A Nose for Danger, part 2

If Tommy was back in town, he’d be needing lettuce. So my first stop was the shop of Manny the parrot.

I could tell right off that Manny wasn’t too glad to see me. If a parrot could go pale, he would’ve turned about fifty shades of white.

“Well if it isn’t the Smellephant. Sorry, I’m just closing up.”

I got my trunk in the door just in time. “Not so fast Manny.” I took a quick glance around the shop, enough to tell me my hunch was right. “Looks like you’re a little low on lettuce today. Got a new customer?”

“Look, I don’t want any trouble. You know I can’t talk.”

“Waddya mean you can’t talk? You’re a parrot.”

“OK, you got me there. But I gotta watch what I say. I’m walking on egg shells here.”

“You mean tortoise shells, don’t you?”

“Hey, give me a break. Tommy’s not a guy you want to cross. Somebody could be listening.”

“No chance of that,” I said, “I wasn’t followed. I know how to shake a tail.”

“All due respect Smellephant, that’s not an image I want to think about.”

“Whatever.” I was getting impatient. “You know I’m the only reason you’re not doing time in the coop right now.”

“Hey, I’m no chicken. I’ll talk, but nobody can find out where you got this from. We got a deal?”

“Yeah,” I said, “We got a deal.”

Finally he started to sing. And I could tell right away he was gonna name names. Only he got about ten seconds into it when a shot rang out. Got Manny right between the eyes.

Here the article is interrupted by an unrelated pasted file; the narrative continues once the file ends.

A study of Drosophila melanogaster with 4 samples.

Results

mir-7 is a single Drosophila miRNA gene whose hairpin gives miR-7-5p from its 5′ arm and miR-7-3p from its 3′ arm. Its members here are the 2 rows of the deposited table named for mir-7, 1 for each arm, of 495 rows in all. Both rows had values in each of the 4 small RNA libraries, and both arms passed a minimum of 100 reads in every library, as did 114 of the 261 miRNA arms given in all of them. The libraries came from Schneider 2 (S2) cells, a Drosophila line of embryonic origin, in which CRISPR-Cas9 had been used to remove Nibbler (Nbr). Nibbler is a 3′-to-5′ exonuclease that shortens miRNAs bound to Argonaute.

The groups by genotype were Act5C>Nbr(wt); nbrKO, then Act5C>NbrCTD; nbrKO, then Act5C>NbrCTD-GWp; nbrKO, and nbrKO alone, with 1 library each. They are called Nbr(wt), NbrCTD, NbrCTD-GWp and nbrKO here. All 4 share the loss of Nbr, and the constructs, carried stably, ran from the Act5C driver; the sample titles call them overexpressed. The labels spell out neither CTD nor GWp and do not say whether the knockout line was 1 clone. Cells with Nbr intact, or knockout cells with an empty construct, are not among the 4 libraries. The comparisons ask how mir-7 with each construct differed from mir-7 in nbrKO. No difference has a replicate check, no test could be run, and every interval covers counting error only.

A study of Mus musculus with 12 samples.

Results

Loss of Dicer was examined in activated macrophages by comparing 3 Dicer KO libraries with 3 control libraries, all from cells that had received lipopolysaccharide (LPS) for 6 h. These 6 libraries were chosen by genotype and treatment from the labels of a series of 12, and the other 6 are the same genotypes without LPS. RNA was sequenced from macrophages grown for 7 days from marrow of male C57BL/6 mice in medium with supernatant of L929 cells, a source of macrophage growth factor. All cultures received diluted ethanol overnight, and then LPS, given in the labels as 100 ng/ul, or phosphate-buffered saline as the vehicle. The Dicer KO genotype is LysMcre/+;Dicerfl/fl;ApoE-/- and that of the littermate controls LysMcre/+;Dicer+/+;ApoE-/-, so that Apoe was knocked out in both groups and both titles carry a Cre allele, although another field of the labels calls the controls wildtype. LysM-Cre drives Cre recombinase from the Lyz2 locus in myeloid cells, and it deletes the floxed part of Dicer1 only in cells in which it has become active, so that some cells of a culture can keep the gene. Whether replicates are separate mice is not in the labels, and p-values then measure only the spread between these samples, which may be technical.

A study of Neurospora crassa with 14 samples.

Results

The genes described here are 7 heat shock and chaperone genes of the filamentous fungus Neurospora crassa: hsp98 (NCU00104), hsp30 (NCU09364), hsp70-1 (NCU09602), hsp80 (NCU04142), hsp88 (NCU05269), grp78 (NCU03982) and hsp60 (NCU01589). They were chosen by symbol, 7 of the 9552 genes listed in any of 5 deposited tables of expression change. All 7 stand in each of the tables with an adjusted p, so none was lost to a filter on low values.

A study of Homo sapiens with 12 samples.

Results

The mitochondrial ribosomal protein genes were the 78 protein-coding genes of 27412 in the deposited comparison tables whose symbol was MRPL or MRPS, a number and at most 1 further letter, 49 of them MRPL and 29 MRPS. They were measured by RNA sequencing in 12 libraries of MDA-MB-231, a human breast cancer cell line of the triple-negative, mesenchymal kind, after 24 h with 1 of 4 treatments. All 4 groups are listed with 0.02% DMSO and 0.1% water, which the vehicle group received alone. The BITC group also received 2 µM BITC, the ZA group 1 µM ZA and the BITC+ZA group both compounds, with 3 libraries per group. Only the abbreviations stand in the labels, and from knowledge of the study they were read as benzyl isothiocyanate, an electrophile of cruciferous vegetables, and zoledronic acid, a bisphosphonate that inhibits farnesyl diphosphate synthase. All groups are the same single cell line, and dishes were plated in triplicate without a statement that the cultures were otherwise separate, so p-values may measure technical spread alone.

Just then somebody came through the door. I spun around, my trunk automatically reaching for the gun in the pocket of my trench coat. Then I saw who it was. “Hey Chief,” I said.

“Hey Smellephant.” The police chief looked down at the lifeless body at our feet. “We got a call down at the station there was trouble at Manny’s shop. Thought I’d check on it personally.” He looked at me, and then he looked at my gun.

“It’s not how it looks.”

“It looks,” he said, “like trouble was the right word.” He gave me a hard look. “Trouble just seems to follow you around, doesn’t it?”

I knew better than to argue. So I figured the best thing to do was cut right to the chase. “Chief, Tommy’s back in town.”

“Damn,” he said. “Well, I’ll need to call this in. Don’t leave town for the next few days.”

“You really think I had something to do with this?”

The Chief shrugged. “Maybe, maybe not. I know a dead parrot when I see one, and I’m looking at one right now.”